Published on the 28/01/2015 | Written by Jeff Dance
Subject matter expert Jeff Dance gives his top tips on designing a website that will get your users doing what you want...
1. Design should focus on an experience 2. People scan websites, they don’t read them 3. Users crave simplicity and clarity 4. Know where to get creative 5. Design to capture someone’s attention above the fold 6. Scrolling is often faster than paging 7. Build nice responsive design Jeff Dance is founder & CEO of Fresh Consulting which offers digital services with a focus on fresh technology, fresh thinking, and fresh talent. He is a regular blogger on the topic of UX for the Fresh Consulting website and has a background in consulting for Deloitte and Hewlet Packard.
People don’t always remember information presented, but they do remember what they feel. This is why user experience design, or UX design, has become such an integral part of web and application work. It should effectively weave together a combination of text, graphics, layout and interactive elements to ensure users have an experience, not just an informational view. With all of the complexity and quantity of information we are swimming in, differentiation matters.
Make your website ‘scannable’ because users don’t read websites. Is it any wonder why the use of infographics has become standard fare for anyone looking to convey sets of data or instructions? Research shows that users switch from scanning to actually reading when web content helps them focus on sections of interest.
It takes as little as 0.5 seconds for visitors to decide whether they are interested in a website or not, so be clear with what you want users to do. Today’s interfaces need ‘preferred actions’ to be as obvious as possible. For example, it could mean focusing visual attention on one button vs. four on your home page. Let extra functionality be discovered as needed. A consistent design is actually simpler for users because it re-uses components, behaviours, colors, and aesthetic to reduce the need for users to rethink. Complying with the pattern of common web components will make the system simpler and clearer to begin with.
Be careful with innovating new UI patterns. Most interfaces should already be familiar to users. For example, links should look like links, buttons like buttons and login access is typically located in the upper right with logos and company names upper left. While it might feel cool to do something non-traditional, usability and creativity need to be balanced. Navigation, URLs, and button placement should focus on usability first before design aesthetic. This is why its best practice to wireframe without design aesthetic to begin with to focus on layout first.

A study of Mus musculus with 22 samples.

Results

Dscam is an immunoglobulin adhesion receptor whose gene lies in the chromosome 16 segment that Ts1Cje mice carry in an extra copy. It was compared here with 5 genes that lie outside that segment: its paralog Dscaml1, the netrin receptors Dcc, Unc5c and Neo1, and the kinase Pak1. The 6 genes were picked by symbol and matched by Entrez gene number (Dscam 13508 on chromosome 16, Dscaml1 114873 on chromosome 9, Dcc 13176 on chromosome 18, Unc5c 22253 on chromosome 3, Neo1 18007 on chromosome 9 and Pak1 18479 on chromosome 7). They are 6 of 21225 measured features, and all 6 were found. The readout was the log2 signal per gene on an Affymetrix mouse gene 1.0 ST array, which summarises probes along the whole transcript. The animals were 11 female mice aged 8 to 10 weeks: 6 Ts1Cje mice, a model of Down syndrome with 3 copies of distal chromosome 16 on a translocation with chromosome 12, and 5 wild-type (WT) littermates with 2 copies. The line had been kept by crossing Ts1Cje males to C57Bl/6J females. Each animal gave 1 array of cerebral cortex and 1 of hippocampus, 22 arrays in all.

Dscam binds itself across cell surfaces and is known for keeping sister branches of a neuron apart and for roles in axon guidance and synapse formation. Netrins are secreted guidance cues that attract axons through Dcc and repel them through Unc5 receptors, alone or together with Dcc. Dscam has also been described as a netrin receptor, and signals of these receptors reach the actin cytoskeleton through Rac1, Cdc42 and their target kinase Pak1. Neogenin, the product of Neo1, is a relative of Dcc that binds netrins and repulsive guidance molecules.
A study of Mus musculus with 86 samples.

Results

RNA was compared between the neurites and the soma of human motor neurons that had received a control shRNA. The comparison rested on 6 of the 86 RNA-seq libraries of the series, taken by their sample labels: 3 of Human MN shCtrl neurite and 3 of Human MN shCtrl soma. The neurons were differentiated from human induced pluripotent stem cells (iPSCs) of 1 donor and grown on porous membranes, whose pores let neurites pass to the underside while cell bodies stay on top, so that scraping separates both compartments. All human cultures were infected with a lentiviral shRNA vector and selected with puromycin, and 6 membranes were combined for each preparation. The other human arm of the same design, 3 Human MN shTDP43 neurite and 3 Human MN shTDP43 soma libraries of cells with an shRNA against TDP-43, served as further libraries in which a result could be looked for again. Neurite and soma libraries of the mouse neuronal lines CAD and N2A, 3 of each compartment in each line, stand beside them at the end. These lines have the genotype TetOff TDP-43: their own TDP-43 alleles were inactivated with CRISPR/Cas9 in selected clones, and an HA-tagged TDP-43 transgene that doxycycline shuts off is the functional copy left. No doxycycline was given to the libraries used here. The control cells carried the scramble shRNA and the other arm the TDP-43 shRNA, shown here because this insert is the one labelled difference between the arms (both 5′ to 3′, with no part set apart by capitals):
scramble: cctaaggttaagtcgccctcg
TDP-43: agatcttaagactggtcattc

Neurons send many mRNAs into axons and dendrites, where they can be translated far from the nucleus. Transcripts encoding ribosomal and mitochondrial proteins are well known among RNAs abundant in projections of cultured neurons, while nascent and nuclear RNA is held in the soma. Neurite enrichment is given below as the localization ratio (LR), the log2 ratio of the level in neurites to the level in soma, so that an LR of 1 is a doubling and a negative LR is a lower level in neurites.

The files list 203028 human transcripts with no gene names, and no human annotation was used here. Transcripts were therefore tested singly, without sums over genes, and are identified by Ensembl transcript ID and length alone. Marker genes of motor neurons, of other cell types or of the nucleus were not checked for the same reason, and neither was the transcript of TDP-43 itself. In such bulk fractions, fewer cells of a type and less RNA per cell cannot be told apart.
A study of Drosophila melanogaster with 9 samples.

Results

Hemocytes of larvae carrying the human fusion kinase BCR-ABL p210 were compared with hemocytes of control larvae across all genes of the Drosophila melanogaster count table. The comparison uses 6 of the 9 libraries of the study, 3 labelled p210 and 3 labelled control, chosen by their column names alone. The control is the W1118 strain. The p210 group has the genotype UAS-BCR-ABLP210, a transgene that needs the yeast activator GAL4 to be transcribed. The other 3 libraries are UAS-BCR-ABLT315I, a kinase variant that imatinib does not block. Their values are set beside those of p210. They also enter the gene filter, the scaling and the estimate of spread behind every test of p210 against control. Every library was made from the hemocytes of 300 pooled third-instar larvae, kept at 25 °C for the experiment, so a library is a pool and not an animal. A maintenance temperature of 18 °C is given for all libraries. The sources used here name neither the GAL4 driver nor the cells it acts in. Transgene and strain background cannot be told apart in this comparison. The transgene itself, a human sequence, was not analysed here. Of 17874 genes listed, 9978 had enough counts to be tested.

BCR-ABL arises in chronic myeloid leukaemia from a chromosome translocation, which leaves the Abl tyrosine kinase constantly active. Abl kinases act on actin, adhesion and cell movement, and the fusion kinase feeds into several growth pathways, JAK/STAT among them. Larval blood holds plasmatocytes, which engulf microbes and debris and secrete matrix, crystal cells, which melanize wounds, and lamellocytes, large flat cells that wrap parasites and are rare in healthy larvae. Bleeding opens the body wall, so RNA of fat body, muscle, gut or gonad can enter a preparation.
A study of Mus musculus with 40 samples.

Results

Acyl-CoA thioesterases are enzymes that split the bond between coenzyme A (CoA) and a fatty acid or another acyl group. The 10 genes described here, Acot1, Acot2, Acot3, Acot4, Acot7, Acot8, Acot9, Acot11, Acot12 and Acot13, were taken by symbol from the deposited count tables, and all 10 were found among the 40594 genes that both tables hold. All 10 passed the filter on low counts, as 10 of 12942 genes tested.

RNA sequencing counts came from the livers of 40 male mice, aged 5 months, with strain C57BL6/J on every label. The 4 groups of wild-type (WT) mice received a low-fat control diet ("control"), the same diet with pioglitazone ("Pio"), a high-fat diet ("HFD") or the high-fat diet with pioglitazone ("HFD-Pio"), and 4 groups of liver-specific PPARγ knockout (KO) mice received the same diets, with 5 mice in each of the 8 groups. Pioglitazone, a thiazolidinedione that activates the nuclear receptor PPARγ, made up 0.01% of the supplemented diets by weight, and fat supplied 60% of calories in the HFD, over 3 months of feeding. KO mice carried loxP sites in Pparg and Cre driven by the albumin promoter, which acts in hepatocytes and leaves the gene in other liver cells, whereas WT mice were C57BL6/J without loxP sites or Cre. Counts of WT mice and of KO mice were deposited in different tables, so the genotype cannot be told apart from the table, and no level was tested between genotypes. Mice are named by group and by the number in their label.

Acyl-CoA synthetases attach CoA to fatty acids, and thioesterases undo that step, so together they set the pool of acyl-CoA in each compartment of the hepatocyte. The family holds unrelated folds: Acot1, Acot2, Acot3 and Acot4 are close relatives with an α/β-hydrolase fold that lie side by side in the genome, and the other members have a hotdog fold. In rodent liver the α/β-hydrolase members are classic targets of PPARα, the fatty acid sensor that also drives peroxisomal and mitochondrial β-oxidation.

First, designing for ‘above the fold’ needs to be put in context as the fold varies for every device. This means that while the ‘above the fold’ content is important, it is more important to capture user attention into your experience than it is to put everything above. Of course, the stuff above the fold is still important in your information hierarchy because it’s the first thing people see, however, when you balance the importance of simplicity, clarity, and experience, it puts the ever-changing fold line in context as one variable of many.
Today’s websites are vertically longer. Just visit 10 modern company websites and you’ll probably find the average printed page length to be three to six-plus pages. The old guideline to avoid scrolling web pages in order to let users focus on speed no longer holds true. Scrolling beats paging because it’s faster to scroll down than to click and avoids page refreshes. We’re very fast at scanning a website but the average website refresh is 6.5 seconds, which means longer pages can be better than just more pages. Flicking and panning on our mobile and tablet devices has only strengthened our scrolling frequency. And
Responsive design has been popular for the last few years, however, most design companies, were originally designing websites to be responsive just to be responsive without taking into account the size of images and text in the end result.. Users are on all device types of all screen sizes so after you’ve checked the responsive box, look at your responsive design on a mobile or tablet device and ask yourself if it is nice.
1. Design should focus on an experience
2. People scan websites, they don’t read them
3. Users crave simplicity and clarity
4. Know where to get creative
5. Design to capture someone’s attention above the fold
6. Scrolling is often faster than paging
7. Build nice responsive design
Jeff Dance is founder & CEO of Fresh Consulting which offers digital services with a focus on fresh technology, fresh thinking, and fresh talent. He is a regular blogger on the topic of UX for the Fresh Consulting website and has a background in consulting for Deloitte and Hewlet Packard.